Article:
The doctor’s call, at 10:55 a.m. Thursday, started like this: “I’ve got some really good news for you, Kevin.”
And with that, my running career – which had been on death row after this grim diagnosis – was not only given a stay of execution, but an outright pardon.
I said in this space earlier I was going to get a second opinion from another doctor. That doctor – orthopedic surgeon Matthew Heinrich – had seen my X-Ray and came to the same conclusion as the previous doctor had late last month: That my running career was over because of hip dysplasia and femoral acetabular impingement. But Heinrich was confused as he gave me this diagnosis because I was not having any pain. So he ordered an MRI arthrogram – which gives you a 3D look at my hip.
(Note: I’d had a conventional MRI on this same hip about this time last year, but it was not an MRI Arthrogram – which doctors inject you with dye to give themselves a clearer, 3-D look at all your joints and tissues.)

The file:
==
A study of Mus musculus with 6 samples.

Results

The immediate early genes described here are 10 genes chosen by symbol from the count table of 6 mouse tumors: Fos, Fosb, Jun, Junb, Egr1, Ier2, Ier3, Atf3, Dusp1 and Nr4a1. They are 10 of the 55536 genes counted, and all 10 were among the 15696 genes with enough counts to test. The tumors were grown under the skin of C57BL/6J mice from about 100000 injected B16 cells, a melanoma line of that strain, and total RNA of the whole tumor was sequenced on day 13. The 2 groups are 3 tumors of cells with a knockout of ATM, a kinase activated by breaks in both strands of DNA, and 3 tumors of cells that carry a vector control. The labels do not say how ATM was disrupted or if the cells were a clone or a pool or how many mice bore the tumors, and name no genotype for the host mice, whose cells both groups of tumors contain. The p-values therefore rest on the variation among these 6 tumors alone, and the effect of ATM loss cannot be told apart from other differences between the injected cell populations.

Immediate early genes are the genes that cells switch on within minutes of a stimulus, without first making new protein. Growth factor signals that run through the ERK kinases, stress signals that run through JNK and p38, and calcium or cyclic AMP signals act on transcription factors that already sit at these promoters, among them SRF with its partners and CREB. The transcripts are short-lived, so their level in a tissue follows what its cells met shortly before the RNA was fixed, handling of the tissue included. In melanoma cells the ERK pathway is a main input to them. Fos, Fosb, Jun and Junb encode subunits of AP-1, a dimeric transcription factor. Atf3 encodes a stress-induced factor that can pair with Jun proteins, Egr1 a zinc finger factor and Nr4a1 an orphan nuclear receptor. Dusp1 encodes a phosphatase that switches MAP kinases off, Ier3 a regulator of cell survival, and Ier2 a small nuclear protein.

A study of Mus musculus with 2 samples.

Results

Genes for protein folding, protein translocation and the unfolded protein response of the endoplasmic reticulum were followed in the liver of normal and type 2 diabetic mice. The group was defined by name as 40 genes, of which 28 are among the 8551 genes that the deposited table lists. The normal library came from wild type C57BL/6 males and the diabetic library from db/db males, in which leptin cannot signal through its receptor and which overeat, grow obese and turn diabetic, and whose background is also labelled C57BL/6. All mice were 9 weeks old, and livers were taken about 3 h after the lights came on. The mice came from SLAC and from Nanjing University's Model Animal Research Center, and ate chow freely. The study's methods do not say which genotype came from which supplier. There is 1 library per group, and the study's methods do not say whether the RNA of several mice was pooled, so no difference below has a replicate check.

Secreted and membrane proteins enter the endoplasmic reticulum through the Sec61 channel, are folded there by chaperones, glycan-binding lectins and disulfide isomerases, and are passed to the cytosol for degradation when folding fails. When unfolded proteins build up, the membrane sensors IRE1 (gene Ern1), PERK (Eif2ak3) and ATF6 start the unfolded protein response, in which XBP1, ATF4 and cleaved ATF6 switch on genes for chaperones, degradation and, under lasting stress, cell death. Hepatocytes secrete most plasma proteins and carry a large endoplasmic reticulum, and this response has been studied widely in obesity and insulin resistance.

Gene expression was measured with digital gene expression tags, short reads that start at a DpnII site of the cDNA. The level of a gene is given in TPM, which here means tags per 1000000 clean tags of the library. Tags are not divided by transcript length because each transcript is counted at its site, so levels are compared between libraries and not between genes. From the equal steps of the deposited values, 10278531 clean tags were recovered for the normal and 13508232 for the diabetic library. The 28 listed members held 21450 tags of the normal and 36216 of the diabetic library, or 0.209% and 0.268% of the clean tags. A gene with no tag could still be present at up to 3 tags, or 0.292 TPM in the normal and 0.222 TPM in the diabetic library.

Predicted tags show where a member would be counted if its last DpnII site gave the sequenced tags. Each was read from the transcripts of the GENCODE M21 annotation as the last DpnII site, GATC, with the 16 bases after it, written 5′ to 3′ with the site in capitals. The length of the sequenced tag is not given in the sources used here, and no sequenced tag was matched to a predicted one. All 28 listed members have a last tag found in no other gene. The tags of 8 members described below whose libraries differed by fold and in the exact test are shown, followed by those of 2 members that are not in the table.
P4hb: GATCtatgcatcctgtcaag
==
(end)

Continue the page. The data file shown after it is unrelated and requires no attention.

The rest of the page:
Anyway, Heinrich calls me Thursday and lays down a few talking points
- I DO NOT need a hip replacement or any other kind of surgery.
- My hip socket is “normal enough” and I do not have any kind of labral tears.
- My problems are being caused by “mild fraying of the tendons to my gluteus medius.”
- That can be fixed with some “hip girdle strengthening” and other aggresive physical therapy.
- Unlike the first doctor who said my running career is “over,” Heinrich said I can be fixed with some good PT. (I told him I’ve done plenty of physical therapy – so hopefully it’ll be some stuff I haven’t done before, or it’ll be much more intense.)
Isn’t it funny how two doctors can come up with radically different diagnoses? The lesson I’m taking from this whole ordeal:
- Don’t always take the word of a doctor or a physical therapist.
- Listen to your body and learn how to communicate what’s wrong with it to a medical professional.
- Make them listen to you because if you don’t, they will just give you the textbook treatment.
I won’t put a timetable of when I will be back to normal, but the most important thing is one day I will be back to normal.